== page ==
When I look back on my career, I have been very fortunate for a number of reasons. One of those reasons is my friendship with both Dr. Kenneth Singleton and Dr. Richard Mayne.  Both of these gentlemen served on the editorial board of Grand Mesa Music for many years, during which time I was just beginning to publish with the company.  To say that they both had a profound impact on my career is an understatement.  They were always available to give me advice, criticize my work, and help me see my writing and pieces in ways I had never considered.  A great deal of the success I have enjoyed has been because of their guiding hands and ears, and I am forever grateful.

Thus, I was overjoyed and honored when Dr. Mayne and the University of Northern Colorado Bands asked me to create a work to celebrate the retirement of Dr. Singleton.  While the work was intended as a celebration for Ken, it’s really for both of them.

Gestures takes its title from a variety of meanings.  It is a celebration of composers and the many gestures they employ to communicate with ensembles.  It also draws from gestures we, as humans, use to communicate with one another.  And finally, it denotes the small things we do for one another...gestures of goodwill.

I.  A Smile and a Firm Handshake (Meter)

The first movement begins with an aleatoric section that should sound like musicians warming up before a concert.  As the conductor approaches the podium, the musicians slowly lock in on a unison note that should grow in intensity and create a sense of anticipation.

This movement is intended to be a big “hello” to the audience.  Its positive energy and mixed meter should create a sense of unbridled joy that should make the audience and conductor smile.

II.  An Invitation to Dance and a Poke in the Ribs (Style)

One of my favorite works of all time is Molly on the Shore by Grainger.  So much so, in fact, that I actually named one of my dogs after the piece (though I call her “Molly-on-the-floor”).  I have always loved the mix of technical demand and lyricism that the piece uses to create its unique tapestry of dance and song.

This movement is a humorous homage to that work and to the personalities of many conductors who use humor and wit in their daily rehearsals to connect with players and audiences.  I have never understood why so many composers and academic musicians shy away from this basic human emotion, deeming it unworthy of their time.  Laughter and hilarity permeate our world, and it has just as much a place in the realm of musical vocabulary as any other mode of expression.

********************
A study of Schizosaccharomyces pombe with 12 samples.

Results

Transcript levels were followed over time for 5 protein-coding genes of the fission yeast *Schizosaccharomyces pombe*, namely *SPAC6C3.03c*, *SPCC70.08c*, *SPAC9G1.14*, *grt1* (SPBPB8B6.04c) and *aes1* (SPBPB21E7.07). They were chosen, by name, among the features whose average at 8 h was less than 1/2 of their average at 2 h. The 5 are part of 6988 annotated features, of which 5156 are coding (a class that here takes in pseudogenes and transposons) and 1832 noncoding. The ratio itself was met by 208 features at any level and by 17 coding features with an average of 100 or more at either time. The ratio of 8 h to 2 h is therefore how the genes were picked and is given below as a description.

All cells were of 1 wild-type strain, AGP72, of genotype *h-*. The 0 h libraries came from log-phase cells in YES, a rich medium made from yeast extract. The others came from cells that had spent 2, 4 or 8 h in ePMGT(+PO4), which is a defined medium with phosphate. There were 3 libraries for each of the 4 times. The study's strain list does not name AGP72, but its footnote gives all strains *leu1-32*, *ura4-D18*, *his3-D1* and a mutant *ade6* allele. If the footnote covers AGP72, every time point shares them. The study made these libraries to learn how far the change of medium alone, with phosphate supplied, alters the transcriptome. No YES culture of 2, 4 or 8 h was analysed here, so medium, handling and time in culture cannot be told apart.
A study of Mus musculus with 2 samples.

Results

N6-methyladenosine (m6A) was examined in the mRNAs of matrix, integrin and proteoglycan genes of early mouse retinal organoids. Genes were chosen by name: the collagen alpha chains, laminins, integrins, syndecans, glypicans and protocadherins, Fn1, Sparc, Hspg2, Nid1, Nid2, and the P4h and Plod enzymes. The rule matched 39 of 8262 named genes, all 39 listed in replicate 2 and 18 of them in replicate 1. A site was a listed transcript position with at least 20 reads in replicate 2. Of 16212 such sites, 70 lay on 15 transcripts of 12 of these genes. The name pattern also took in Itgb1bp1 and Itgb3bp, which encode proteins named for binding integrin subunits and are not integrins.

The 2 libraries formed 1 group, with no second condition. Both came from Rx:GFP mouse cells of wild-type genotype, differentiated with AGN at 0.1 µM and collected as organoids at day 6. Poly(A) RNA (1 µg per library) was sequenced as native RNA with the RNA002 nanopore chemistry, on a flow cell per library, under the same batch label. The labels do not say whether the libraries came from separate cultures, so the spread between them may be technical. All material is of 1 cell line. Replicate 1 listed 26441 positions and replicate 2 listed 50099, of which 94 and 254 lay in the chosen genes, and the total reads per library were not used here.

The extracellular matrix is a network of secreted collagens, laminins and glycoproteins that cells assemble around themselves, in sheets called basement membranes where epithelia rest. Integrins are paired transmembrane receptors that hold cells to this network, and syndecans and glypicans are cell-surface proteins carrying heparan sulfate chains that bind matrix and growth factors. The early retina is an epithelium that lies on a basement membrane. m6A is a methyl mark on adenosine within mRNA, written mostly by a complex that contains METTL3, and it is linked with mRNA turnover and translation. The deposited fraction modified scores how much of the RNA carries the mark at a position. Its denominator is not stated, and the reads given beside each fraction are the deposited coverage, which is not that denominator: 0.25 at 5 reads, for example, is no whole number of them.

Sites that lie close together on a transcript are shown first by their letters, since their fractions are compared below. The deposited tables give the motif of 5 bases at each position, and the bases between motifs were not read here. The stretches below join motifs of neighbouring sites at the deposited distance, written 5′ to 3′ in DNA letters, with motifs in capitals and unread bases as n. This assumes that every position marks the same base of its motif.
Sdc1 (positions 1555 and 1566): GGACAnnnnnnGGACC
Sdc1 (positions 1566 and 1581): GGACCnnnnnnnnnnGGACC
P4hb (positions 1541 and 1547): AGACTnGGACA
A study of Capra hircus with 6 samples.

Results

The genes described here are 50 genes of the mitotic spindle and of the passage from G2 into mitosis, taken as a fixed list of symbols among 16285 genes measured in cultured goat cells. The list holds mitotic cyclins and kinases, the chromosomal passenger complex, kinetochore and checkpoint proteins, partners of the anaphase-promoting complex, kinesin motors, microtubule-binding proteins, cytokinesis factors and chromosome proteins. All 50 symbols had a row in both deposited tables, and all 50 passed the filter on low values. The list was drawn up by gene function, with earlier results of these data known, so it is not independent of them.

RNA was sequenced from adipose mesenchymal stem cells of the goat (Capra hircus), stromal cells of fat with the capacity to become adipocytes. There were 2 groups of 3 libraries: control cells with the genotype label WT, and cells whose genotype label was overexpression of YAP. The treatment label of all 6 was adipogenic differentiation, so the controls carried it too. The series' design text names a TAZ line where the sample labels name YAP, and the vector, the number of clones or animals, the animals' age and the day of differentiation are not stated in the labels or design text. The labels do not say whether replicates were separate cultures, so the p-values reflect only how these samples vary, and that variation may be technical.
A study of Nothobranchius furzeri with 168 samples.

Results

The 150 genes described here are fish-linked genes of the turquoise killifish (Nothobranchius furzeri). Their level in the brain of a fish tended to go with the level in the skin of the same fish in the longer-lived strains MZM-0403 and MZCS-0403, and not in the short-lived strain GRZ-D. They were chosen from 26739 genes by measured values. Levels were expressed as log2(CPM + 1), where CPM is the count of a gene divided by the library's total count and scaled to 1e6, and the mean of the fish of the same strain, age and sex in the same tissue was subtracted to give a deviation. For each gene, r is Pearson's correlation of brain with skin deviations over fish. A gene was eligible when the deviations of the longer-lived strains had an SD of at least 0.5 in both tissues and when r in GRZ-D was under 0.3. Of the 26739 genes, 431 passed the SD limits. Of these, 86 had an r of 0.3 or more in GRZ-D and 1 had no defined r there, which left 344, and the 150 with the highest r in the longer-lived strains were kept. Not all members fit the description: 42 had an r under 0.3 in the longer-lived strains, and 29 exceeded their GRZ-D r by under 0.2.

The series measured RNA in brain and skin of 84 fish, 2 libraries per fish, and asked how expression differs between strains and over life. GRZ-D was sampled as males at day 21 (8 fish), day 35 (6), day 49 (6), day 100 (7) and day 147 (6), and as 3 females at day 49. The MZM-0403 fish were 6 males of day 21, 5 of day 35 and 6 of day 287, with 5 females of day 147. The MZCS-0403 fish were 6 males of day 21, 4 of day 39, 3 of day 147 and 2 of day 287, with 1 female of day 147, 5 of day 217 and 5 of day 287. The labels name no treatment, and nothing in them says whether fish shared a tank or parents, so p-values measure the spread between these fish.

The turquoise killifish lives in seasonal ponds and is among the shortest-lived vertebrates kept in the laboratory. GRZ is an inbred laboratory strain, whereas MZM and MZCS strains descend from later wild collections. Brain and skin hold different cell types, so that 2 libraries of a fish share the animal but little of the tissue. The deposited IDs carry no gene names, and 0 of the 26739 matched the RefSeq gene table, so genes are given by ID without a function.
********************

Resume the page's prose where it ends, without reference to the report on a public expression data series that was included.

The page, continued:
Lastly, a mental image.  As I was writing this movement, I imagined the “Molly” of the song as a real person, but who had come into her latter years during the turn of the century, just when automobiles would have become commonplace.  I imagined an elderly Molly driving around town, terrorizing pedestrians, and giving her own “gestures” to screaming citizens who cry their criticism of her driving to the heavens as she flies by, laughing.  Consider this movement to be subtitled “Molly on the Shore Goes to Hades.”

III.  An Embrace...A Sigh (Dynamics)

To me, the relationship between conductor and musician is very close. There has to be a sense of trust, affection, and common purpose.  A musical “hug” if you will. Small gestures of affection such as these, whether it be a hug, a handshake, a smile, or even in this modern age, a text to ask “how are you”, are how we connect to one another.

The third movement is lyrical in nature, providing a perfect contrast to movement two.  It explores the more expressive side of conductors, allowing many opportunities for rubato, dynamic expression, and visual lyricism from the conductor’s movements.  The overall feel should be hyper-emotional and dramatic.

IV.  A Wave Goodbye; Reaching towards the Horizon (Changes)

With Dr. Singleton’s retirement, I felt a wave goodbye would be the perfect ending to the work.  This movement has a somewhat sea-faring flavor, expressing the idea of new beginnings and new adventures to be had.  

As a side note, I always prefer to say “see you later” rather than “goodbye” as it leaves open the possibility of our meeting again.